It can be tempting to leave planning for official Christmas events until late in the year, often delegating the responsibility to junior staff.

However, it’s important to remember that your Christmas event is the last impression you leave your guests with, often until well into the New Year. What’s more, is a poor final impression can sometimes last the whole year through.

Here’s some pointers to help make your Christmas event a cracker.

You’re One of Many

Your Christmas event is likely to be one of half-a-dozen such events taking place over the same week, or even the same day. It’s important to remember many of your guests are likely to attend a number of such soirees over the festive season. Make sure your event stands out and does so for the right reasons!

Practical Venue

There are a few critical factors to remember when choosing a venue and most are intuitive. Make sure you have the right amount of space for the number of guests you’re inviting. Too little room will obviously make people feel crowded and stuffy; too much room will make it look like half your guests didn’t show up. Outdoor venues are fine as long as there is a nearby rain contingency. Boats are a no-no. If your guests don’t feel like they can come and go as they please, they may decline your invitation altogether.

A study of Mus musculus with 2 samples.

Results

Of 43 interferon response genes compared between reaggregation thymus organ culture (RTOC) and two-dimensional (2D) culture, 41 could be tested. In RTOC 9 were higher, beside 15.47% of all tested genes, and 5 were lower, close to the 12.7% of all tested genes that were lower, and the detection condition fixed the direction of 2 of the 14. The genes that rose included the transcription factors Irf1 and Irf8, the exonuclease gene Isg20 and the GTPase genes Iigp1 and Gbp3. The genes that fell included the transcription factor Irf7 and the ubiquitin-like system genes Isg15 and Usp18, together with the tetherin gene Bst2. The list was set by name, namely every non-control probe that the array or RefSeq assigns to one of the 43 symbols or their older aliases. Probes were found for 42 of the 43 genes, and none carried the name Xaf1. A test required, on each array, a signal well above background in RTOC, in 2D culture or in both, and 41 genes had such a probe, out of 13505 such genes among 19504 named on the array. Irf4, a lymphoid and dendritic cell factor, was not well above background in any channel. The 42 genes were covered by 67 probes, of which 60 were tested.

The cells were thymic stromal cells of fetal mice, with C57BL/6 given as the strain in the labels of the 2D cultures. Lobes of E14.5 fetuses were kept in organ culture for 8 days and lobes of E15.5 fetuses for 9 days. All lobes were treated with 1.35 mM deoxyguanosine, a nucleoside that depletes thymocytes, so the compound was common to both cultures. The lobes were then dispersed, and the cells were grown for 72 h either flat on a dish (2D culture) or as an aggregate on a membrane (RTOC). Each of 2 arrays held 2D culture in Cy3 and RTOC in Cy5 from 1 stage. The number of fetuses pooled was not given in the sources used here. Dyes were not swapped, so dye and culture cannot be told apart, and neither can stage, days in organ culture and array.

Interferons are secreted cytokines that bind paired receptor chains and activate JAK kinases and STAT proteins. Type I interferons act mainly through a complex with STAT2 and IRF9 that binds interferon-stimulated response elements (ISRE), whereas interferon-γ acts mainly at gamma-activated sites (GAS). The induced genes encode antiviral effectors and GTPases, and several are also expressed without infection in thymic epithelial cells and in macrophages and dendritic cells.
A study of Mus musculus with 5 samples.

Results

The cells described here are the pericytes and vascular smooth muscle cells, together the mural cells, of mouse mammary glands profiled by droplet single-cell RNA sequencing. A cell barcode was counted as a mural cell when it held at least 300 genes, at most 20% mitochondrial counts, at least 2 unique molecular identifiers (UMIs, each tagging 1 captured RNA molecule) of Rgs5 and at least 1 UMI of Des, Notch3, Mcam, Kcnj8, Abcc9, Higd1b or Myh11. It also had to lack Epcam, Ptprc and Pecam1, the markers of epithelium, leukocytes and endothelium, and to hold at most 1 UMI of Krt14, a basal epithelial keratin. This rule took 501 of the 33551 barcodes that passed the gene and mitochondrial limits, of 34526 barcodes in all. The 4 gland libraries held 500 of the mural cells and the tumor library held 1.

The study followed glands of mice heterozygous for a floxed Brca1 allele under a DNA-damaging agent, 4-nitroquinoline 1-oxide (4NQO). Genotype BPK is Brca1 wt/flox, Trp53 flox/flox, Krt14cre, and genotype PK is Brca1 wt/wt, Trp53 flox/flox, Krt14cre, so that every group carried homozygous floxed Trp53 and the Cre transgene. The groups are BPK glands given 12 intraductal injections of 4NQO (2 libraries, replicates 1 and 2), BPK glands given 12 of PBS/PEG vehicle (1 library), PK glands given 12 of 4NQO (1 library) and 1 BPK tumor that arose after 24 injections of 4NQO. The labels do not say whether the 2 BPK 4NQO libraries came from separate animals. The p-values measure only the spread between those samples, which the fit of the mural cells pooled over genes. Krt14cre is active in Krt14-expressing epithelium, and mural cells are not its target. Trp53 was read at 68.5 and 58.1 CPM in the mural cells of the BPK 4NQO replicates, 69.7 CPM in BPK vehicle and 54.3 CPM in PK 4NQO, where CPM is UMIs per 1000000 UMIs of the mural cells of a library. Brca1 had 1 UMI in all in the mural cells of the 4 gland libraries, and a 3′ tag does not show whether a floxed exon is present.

Tasty Treats, not Fancy Fails

As we’ve concluded in the past, food can make or break an event. People are likely to be attending your event around meal time. Providing simple and tasty bites is the best way to keep your guests happy and leave a good gastronomical impression. Chicken skewers, burger sliders and even the humble mini-sausage roll are all winners. Too many complicated or unusual canapes could see your guests depart early to find sustenance elsewhere.

Relationship-building 101

Your Christmas event is an outstanding opportunity to gather your key advocacy targets in one place. One of the central motivations for hosting a corporate Christmas event is connecting your members/clients with Departmental representatives, State and Federal MPs and even journalists over a beer or a glass of wine.

Short Is Sweet

One of the most common ‘fails’ for official Christmas events is that the ‘official’ part drags on for too long. The number of speakers should be few, speeches kept short and time limits strictly adhered to. Visual presentations should also run under 10 minutes. Remember, your guests have primarily come to network, not to hear a sermon.